I Tried To “Art.” And Yes, It Was Therapeutic.
There's all this great advice flowing around the interwebz, isn't there? From how to raise chickens, to maximizing your skill sets during pandemic quarantines, to the best way to raise your kids to *not* be sociopaths. You can find practically anything. Some of it is even helpful. ;)
Arguably, one of the most well-covered subjects is on the subject of "self-care." That buzz phrase is so buzzy the bees are jealous. BUT, it is important. Perhaps one of the reasons it's discussed so often is because, despite our human tendency to work ourselves to a frenzy, or go to the other extreme and dive headfirst into self-indulgence, this concept of self-care seems to elude many of us.
Self-care doesn't mean laying for 20 hours on the couch whilst sucking melted Blue Bell ice cream through a straw while watching zombie shows until you, in fact, join the club. Self-care is treating yourself the way you would treat someone you truly love. But, that is not the subject of this post.
One of the recommendations we often hear suggested in engaging in some form of creative expression as a form of therapy. That could manifest as say, writing, for example. Or perhaps music, cooking, and of course, painting.
I come from a fairly creative family. My grandfathers on both sides were visual artists. My father was a musician. My niece is a gifted graphic artist. However, I'd never put my hand to either music--really, or the visual arts. So, I thought I'd give it a go.
My confession: I never really "got" abstract painting. Yeah, I admit many years ago I was more drawn to things like Thomas Kinkade. NOT that those paintings aren't lovely, but I just saw painting sort of as an old-fashioned way to capture the things we see in real life. However, art is more process than a product.
Art gives us glimpses about how something feels to the artist--which may in turn make you feel something, hopefully. I have an artist friend who explained to me that often abstract paintings are a bit of a snapshot into the artist's soul. Which then, of course, makes it clear that engaging in creating would be a fascinating way to explore what's in one's own.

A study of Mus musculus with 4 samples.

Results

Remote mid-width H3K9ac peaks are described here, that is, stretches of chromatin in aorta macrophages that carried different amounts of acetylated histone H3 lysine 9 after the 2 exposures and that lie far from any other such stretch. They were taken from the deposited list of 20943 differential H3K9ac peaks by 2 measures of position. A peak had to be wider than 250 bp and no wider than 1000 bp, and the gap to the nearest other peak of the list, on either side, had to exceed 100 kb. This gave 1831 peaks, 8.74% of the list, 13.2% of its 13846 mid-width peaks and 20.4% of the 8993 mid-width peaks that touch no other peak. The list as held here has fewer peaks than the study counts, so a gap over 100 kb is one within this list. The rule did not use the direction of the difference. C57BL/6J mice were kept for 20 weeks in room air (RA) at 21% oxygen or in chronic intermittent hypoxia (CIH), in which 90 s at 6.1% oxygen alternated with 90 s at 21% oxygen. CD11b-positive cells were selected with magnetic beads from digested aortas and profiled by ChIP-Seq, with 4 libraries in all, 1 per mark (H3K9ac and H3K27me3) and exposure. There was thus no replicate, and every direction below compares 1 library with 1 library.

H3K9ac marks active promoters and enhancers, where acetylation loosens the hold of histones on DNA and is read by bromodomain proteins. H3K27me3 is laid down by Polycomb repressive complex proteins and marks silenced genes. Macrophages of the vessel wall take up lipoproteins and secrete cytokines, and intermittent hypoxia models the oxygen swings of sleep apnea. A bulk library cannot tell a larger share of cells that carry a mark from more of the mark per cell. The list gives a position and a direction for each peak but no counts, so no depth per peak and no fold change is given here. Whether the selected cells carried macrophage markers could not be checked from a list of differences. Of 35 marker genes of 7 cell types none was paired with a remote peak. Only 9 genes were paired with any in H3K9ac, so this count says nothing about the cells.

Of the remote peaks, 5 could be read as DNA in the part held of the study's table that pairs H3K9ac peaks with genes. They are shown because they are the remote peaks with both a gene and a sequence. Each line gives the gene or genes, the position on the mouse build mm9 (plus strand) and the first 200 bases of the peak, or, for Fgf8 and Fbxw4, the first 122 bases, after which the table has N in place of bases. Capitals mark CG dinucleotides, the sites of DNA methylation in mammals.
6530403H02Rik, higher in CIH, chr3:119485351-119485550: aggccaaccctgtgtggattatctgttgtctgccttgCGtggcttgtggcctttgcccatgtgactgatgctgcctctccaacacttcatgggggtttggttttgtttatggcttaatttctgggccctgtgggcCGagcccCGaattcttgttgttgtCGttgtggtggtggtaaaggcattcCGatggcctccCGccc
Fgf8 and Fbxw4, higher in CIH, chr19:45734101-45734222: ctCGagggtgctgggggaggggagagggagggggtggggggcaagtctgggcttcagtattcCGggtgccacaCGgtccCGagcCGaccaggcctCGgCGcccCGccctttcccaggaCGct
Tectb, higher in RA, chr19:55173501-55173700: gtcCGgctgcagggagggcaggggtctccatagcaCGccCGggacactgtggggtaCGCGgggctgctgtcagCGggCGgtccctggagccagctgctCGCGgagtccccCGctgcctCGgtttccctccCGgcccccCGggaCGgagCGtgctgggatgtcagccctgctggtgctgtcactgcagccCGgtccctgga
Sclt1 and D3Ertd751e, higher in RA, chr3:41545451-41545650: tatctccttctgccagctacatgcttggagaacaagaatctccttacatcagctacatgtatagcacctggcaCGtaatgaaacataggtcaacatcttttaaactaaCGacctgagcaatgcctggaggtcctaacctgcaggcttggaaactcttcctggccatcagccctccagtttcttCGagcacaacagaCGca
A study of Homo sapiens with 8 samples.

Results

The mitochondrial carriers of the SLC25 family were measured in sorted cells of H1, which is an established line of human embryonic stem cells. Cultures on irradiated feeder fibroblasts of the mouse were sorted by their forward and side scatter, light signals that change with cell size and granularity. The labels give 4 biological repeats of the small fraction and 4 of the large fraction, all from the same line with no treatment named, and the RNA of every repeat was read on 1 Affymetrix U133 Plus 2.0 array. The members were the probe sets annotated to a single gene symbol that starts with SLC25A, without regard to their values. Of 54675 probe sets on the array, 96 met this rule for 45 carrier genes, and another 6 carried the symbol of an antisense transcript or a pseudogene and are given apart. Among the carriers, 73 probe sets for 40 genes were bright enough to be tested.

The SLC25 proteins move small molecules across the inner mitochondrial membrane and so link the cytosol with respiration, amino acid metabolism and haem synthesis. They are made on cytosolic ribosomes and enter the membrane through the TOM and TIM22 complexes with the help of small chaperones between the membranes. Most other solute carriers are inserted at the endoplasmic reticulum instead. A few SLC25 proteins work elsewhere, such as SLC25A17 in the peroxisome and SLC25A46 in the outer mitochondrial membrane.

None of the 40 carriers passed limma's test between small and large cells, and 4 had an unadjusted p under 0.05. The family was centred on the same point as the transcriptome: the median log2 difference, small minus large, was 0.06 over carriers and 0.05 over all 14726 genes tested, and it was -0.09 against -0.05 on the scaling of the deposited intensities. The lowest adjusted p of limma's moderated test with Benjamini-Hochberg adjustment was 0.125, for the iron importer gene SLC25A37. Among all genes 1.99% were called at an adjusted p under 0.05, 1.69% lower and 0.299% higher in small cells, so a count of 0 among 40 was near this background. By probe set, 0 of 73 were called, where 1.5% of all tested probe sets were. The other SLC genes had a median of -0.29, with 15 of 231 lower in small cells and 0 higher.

I recently found my gouache collection from back in my college days and thought: "What the heck?" So, I tried it.
At first I just stared at the blank canvas and briefly thought about popping over a White Claw and turning on the TV. Instead, my muse inspired me to turn on the music and just begin. They say once you start, if you let the "muse" lead you, you'll start to paint what's inside of you. Hmm. Sounds a bit "woo-woo," I know. However, once I started my brush did seem to take on a life of its own. Mind you, this is something I've rarely ever done--so, I was surprised.
What was strange to me was how I would start painting something that made no sense at the time. Then, as I continued, it would start to form something bizarre, interesting, and sometimes lovely. Hey, if that's what's "in my soul," I guess I'm encouraged. But then, other darker themes emerged. ANYWAY, the point I'm trying to make is this:
Even if you've never, ever delved into what could truly be called "art therapy," I recommend. By the end I felt the inherent pleasure we get after we have spent some time creating something, rather than just consuming. Even if it's nothing special. There's something to it. I felt calmer. I felt inspired to do other things--both artistic, but also practical things like...say, emptying the ever-patient dishwasher.
You can start with the simplest tools. If you'd rather, you can use a completely different medium--words, music, food. Just spend some time engaging in art therapy. And, if you're willing, I'd love to see what you've created.